Posted by Carl Williams, 20 Years of expert technical knowledge in recording system on April 30, 2014
Used by the New York Supreme Court.
For many years a lot of courts have been trying to configure a court recording system through a PC running windows software. This type of software has many pitfalls, and running on Windows has many errors. These court room recording systems or courtroom voice recording equipment packages often times cost tens of thousands of dollars to purchase plus a large installation fee. This article will cover all the advancements in the court room recording technology. Court recording software often comes with variety of problems, the first being the different kinds of Windows environments. Windows XP, Windows 7, Windows 8, Windows ME and so on. Each one of these operating systems has its own unique problems inherent to the Windows operating system.
We are going to take a few minutes in this article to compare and contrast between stand-alone court room recording systems and Windows based PC recording systems. First let me say I'm not a fan of the PC version of court room recording equipment. Often times the software is so complicated that a judge or court clerk cannot operate on it. Generally it requires a team of IT department people to come in and correct the issues that are occurring during the trial. In contrast the standalone units such as the Martel DM-246 Court Recorder runs on Linux like your Apple iPhone or microwave oven. Virtually error-free for the life of the product. This is critical to stop delays in the court room, or mistrials.
Recently the Martel DM 246 was selected by the New York Supreme Court to record it's hearings. Even the U.S. Department of Justice has used the Martel DM 246 court room recording equipment package. Virtually all JAG court rooms are connected with DM 246 units. All courts need a user-friendly interface with their court recording system, but the PC based systems just don't offer this. The Martel DM246 has all the same features that you would find on a tape recorder even though it's a completely digital device recording to an SD card. It records independent tracks, so you can isolate a judge from the district attorney from a witness. The companion for the DM-246 courtroom recorder is the T147 four channel transcription kit. The transcription kit allows the court reporter or the court clerk to type of the document correctly for the record.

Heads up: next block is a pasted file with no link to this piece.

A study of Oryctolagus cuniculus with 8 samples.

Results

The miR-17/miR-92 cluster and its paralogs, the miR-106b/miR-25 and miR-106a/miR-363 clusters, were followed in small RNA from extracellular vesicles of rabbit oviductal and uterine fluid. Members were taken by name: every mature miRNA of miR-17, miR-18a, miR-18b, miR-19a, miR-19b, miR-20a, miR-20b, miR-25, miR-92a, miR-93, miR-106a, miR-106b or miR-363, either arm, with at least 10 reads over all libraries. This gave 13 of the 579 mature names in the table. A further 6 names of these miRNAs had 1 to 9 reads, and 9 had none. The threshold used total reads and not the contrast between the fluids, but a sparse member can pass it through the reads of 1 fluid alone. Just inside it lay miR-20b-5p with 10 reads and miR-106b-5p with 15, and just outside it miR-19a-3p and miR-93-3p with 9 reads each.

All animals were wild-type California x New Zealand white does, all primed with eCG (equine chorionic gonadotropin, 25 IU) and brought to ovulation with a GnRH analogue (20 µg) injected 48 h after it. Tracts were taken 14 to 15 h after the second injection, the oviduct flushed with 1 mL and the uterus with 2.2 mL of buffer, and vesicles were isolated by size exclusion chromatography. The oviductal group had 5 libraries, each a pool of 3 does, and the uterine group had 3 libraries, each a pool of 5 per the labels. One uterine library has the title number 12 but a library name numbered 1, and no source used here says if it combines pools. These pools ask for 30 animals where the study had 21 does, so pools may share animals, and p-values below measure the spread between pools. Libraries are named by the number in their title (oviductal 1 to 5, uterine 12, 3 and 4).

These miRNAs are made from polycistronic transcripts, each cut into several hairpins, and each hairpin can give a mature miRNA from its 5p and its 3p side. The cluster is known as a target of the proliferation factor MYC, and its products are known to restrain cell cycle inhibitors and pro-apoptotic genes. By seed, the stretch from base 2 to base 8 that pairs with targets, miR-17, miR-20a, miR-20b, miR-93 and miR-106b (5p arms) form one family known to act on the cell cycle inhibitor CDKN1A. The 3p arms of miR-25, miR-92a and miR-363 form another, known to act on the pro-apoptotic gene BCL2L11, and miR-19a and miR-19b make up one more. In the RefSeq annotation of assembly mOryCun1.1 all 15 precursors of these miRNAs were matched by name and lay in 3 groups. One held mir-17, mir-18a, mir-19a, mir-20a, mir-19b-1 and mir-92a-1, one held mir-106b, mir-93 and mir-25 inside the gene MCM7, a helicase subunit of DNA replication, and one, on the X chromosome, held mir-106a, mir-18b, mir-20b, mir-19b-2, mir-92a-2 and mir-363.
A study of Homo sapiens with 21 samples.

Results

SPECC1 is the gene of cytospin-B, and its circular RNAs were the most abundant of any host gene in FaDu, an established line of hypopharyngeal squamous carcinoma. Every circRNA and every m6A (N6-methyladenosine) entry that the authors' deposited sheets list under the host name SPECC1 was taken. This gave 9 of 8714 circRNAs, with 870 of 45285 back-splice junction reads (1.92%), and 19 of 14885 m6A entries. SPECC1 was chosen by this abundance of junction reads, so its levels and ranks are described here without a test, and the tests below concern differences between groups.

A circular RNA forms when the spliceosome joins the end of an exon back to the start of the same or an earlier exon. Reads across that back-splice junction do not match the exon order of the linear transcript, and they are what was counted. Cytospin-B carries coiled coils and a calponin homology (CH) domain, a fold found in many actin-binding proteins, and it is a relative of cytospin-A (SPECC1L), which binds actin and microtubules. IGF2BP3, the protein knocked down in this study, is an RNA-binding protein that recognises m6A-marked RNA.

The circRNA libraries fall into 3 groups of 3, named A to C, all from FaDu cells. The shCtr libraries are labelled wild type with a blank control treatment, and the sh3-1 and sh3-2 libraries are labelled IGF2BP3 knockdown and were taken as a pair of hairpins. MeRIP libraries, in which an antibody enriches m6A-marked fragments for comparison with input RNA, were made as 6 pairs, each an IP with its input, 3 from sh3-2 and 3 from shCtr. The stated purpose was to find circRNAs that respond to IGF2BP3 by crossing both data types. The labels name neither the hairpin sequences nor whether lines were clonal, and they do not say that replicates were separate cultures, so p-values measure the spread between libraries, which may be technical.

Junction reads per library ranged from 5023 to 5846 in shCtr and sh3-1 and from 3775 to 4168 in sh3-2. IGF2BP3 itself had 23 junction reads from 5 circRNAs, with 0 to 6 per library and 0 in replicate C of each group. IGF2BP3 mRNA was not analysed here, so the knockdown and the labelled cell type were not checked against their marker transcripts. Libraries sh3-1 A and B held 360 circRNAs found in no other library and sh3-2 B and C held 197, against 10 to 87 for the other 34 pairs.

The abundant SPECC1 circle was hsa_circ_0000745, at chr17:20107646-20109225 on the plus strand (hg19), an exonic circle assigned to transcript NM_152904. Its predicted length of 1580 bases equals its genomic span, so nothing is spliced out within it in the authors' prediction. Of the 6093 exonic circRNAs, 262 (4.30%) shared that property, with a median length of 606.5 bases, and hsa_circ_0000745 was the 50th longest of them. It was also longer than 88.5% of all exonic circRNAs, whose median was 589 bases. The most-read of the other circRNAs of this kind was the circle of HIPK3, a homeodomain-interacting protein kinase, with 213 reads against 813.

The price of this court room recording equipment system package is so low that most courtrooms can afford to have a primary and a backup, often costing less than $2000 a unit.
One of the new advantages for the courts is Martel's new digital courtroom voice microphone. The voice isolation on this microphone is really a step forward in technology. The microphone can be adjusted from the judges bench by the court reporter.
Next the 4 channel transcription software is need to transcribe the recordings that are made everyday in the court. Transcribing is enough of a choir why not be able to listen to just the channel you need on the transcription software.
Finally lets contrast the court room recorder DM 246 with the PC software recording unit. Since the DM 246 records on SD cards, it's completely solid-state. In contrast the Windows-based systems recording on two spinning hard drives which can fragment and have errors or even crash. This is really critical information for courtrooms, simply because they can't afford to lose the record. I have over 20 years of experience in this industry and have specialized knowledge about the topics in the above article. If you need more help or support, feel free to link this article or call us at Martel Electronics, (800)-553-5536.